BYLOT ISLAND, Nunavut - I had always considered global warming an alarming, but strangely abstract concept, until the phenomenon took on a human dimension here in the Canadian High Arctic. Known as one of the great breeding grounds of northern seabirds, much of this eastern island is covered with a tongue of ice that remains from the Wisconsin glaciation, which gave up its grip on most of North America some 15,000 years ago. But here the glacier lives on, indistinguishable from the permanent polar ice.
Six dozen of us from a Cruise North expedition were hiking inland from a shore landing by zodiac to the looming face of the glacier. The Inuit-owned company makes several voyages into the Arctic netherworld from late June, when the winter sea ice begins to clear, until early September, when winter again descends.
Since 2003, Bylot has been part of the 8,500-square-mile Sermilik National Park, which receives only about 200 visitors a year. Our contingent would skew the 2006 statistics by a third. The name means "place of glaciers" in Inuktitut, the language of the people whose ancestors have embraced this terrain of stone and ice for at least the last 4,000 years. As we set out from the stony beach, Israel Mablick, a Parks Canada ranger who hails from the Inuit village of Pond Inlet (population 1,220), on the northeastern end of Baffin Island, offered his culture's classic caution to travel at the pace the land sets, as people have done for thousands of years.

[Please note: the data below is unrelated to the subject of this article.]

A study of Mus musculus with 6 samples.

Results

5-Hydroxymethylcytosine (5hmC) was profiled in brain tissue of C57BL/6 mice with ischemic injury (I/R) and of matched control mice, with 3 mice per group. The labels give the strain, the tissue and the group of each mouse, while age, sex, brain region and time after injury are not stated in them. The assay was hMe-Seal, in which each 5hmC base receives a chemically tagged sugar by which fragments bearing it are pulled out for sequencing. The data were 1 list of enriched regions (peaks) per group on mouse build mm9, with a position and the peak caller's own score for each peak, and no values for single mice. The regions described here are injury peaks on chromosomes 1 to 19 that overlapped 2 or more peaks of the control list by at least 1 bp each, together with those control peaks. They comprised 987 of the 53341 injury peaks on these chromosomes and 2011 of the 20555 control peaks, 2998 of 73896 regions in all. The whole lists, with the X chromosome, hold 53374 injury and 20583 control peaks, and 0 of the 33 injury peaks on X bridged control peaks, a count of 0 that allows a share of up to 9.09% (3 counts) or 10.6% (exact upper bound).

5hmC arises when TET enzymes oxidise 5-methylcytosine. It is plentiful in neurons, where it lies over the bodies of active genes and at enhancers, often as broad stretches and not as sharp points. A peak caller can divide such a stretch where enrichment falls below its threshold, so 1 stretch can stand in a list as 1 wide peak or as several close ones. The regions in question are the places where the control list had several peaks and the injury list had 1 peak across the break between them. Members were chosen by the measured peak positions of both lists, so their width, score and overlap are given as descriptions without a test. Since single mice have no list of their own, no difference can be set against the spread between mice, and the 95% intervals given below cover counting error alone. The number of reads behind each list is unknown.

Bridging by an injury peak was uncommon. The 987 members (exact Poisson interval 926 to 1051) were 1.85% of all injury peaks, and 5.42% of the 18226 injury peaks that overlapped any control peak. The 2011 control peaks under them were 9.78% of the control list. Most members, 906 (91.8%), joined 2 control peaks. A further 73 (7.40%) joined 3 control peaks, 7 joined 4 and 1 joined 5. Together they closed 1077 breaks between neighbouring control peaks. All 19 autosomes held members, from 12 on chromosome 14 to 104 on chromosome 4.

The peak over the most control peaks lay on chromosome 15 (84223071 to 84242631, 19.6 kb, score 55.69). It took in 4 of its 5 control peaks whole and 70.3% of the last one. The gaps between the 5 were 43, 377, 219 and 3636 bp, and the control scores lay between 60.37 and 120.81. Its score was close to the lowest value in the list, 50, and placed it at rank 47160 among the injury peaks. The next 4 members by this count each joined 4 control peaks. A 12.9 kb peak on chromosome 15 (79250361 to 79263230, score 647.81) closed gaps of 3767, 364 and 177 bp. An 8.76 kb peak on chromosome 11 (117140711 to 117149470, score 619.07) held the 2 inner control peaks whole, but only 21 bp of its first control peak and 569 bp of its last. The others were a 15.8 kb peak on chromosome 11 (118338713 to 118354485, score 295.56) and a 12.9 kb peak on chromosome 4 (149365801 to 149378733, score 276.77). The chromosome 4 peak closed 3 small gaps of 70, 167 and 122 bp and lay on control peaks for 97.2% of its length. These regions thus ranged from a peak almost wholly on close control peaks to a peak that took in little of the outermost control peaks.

And the land said slow. We hopped between boulders, jumped small streams, and forded large ones as we zigzagged toward the glacier. The scene was almost lunar in its desolation, yet the water teemed with green algae and the rocks were crusted with sage- and rust-colored lichens. In the long days of late August, tiny sedges poked their seed heads up between the cobbles, and minute flowers flourished in inch-high meadows.
For three-quarters of a mile our group picked its way through the boulder field. After an hour, we seemed to enter another climate - or perhaps another age of the planet - as the cold, dank breath of the glacier filled the air. We stepped forward and laid our hands on a mountain of gray ice veiled in dust and grit. Beneath that crusted surface, Mablick told us, the ice was the texture of thick pancake batter, slowly slumping across the landscape.
Carefully skirting the puddles of quicksand at the glacier's lip, we poked and prodded and took innumerable indistinguishable photographs of what seemed an elemental force of nature. If the glacier held any secrets, it wasn't giving them up. The return journey was subdued, perhaps quieted by experiencing the wall of ice. Meltwater flowed around our feet, sluiced through the cobbles, and washed down the gentle slope to the Arctic Ocean.
As we drew near the zodiacs we had left on the beach, Mablick stopped, pushed back the bill of his cap, and pointed to a small ridgeline no more than 50 feet from the ocean. "I caught my first Arctic hare there 20 years ago," he recalled. "The glacier came right down to that spot."
And then I understood. "Glacial" is an adjective we once used to mean "slow" - an action best measured in geological time, in epochs of the earth. But in the years it took for him to grow from boy to man, Mablick could mark a change that those of us from temperate climes could only imagine. He had seen the face of global warming on the landscape, and the retreat of the ice was no abstraction.
Patricia Harris, a Cambridge-based freelance writer, can be reached at email@example.com.